We’ll 19 foot skiff with 5 hp Mercury. This was a first time project.
I purchased the plan, resins and fiberglass from Glen-L. Had a great time building the boat, relearned a lot of geometry, and best of all, I built this for my granddaughter! 14-foot Glen-L Power-Row Skiff, started 2010, launched 2011. Your plans and materials were great and everything worked out very well. I wanted a large flat bottom skiff for my nephews to fish and chase turtles with that would be stable and safe during the summer and have the same qualities for 63 year-old me in the fall hunting ducks and geese from a floating blind. I’m still tinkering with the Peazy but have all the major construction finished. Where do you get your marine plywood?
We have retained the same 3 plywood planks per side and the simple stitch and tape method of construction. She uses just 3 sheets of 5 or 6mmplywood. These can be replaced by seating so that she could take 3 adults. This lovely example beautifully fitted out with solid wood seats etc is by Phil Beaumont. The nice example below is in clinker ply by Angus Marsland – the plans five the mould shapes for this method of construction. Below is an example by Harry Holman.
She has a narrow flat bottom panel and 3 side panels with a fairly narrow WL beam and slack bilges for minimum wetted surface area. Construction is simple stitch and tape and 4, 5 or 6mm ply may be used. The example above had sails added by the owner. This example is by Neil Warren with his daughter Alicia looking very pleased with her fathers efforts. This rowing skiff has been lightly modeled on the traditional Thames river skiffs. They were usually a lot longer and around 4′ wide. She uses the stitch and epoxy method of construction although we can supply the mould shapes for clinker ply construction as well.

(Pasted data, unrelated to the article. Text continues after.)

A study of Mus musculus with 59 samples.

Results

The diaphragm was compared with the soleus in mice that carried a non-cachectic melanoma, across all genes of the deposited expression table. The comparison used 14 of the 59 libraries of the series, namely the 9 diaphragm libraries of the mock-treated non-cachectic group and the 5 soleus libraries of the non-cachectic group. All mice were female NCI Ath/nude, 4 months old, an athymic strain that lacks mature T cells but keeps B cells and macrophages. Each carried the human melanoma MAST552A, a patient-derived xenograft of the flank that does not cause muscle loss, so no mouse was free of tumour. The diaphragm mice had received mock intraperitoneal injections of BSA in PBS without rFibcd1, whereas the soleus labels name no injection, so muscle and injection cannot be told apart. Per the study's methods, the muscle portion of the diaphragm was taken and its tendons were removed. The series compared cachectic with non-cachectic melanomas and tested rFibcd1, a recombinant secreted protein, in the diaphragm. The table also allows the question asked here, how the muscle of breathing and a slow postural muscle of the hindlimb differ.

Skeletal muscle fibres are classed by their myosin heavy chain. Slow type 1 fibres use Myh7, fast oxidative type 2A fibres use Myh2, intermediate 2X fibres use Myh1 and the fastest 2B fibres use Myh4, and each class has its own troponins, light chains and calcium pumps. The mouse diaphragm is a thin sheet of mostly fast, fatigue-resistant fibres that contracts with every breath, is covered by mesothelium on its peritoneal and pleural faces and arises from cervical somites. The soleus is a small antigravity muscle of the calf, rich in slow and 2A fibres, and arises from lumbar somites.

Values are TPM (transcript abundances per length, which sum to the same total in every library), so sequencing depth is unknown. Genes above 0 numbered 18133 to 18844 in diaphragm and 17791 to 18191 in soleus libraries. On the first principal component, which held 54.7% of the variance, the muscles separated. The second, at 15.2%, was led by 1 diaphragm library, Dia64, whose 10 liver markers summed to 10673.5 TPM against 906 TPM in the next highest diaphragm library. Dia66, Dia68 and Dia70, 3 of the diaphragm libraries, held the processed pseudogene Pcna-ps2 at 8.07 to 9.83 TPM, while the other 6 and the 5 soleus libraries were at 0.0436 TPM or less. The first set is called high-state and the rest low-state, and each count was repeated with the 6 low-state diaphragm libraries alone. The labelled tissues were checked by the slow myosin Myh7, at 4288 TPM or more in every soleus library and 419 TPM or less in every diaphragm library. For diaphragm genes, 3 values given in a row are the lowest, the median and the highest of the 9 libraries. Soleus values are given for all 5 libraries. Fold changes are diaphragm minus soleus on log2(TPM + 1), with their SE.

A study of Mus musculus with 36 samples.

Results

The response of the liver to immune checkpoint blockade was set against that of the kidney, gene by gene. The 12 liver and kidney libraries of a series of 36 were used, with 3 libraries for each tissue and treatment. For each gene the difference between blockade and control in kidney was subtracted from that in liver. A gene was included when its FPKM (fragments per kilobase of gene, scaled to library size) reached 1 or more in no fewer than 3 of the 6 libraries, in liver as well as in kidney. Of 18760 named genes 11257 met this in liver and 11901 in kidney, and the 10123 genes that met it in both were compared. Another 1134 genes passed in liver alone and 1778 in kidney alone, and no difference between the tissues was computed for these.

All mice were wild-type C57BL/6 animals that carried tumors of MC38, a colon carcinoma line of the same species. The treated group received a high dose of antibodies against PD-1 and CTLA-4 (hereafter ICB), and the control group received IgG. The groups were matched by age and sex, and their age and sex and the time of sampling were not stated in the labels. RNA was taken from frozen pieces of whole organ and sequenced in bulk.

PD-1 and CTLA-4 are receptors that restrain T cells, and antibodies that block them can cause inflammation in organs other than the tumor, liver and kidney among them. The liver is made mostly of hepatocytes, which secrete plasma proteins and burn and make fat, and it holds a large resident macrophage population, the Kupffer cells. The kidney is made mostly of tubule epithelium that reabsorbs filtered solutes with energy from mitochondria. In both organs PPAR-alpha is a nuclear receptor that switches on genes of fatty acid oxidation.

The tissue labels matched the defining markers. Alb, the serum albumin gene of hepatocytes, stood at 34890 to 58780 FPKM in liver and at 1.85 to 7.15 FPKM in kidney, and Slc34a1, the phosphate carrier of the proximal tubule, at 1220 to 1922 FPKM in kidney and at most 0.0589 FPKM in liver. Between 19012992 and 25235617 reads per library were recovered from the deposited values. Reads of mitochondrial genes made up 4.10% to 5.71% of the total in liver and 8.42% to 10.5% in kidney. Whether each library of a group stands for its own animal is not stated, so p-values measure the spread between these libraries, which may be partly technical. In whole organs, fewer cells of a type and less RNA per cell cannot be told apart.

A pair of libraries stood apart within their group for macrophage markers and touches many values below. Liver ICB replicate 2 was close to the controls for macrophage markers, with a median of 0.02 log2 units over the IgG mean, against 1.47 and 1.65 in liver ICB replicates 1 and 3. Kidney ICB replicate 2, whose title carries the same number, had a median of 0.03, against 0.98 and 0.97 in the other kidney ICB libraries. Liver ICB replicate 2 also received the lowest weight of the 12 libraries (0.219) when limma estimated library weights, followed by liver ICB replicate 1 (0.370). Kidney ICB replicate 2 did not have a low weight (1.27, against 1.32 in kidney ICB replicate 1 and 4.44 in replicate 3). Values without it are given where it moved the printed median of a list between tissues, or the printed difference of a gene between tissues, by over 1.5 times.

Below is an example by Ian Cairns. Below is a nice example by Anders Eliasson. Below is an example of the strip planked version by Cole Smith – the moulds and strip planking details are given with the standard plans. Thames 12 skiff – for Mr. Below is a stitch and tape example by Jed Dale. Thames Skiff which has the same attractive 5 planks per side hull shape and using the same simple stitch and tape method of construction.
Left and above a Thames 17 by Eric Staggs. Below an example by Juan Hansen under construction. Below are photos of a Thames 17 beautifully built by Kevin Murray in Florida showing different rowing set-ups. Goodger who wanted a light, seaworthy skiff which would row well and optionally take a modest 35-50 sq ft sail. The attractive 5-plank hull is therefore based on the Stornoway 9. Above is an example by Alan Chinn of Ibis Boatworks – in this case a centreboard similar to the Stornoway 12 is being fitted.
Below an example by Mike Goodger. The Thames 20 rowing skiff is an elegant and very attractive skiff based upon a craft that we originally designed for a client who wanted a simple personal exercise craft which could be used on open inland waters. Construction uses the stitch and tape process with pre-shaped 4mm ply hull planks. These are marked, cut out and then stitched together along the chine seams with scrap copper wire.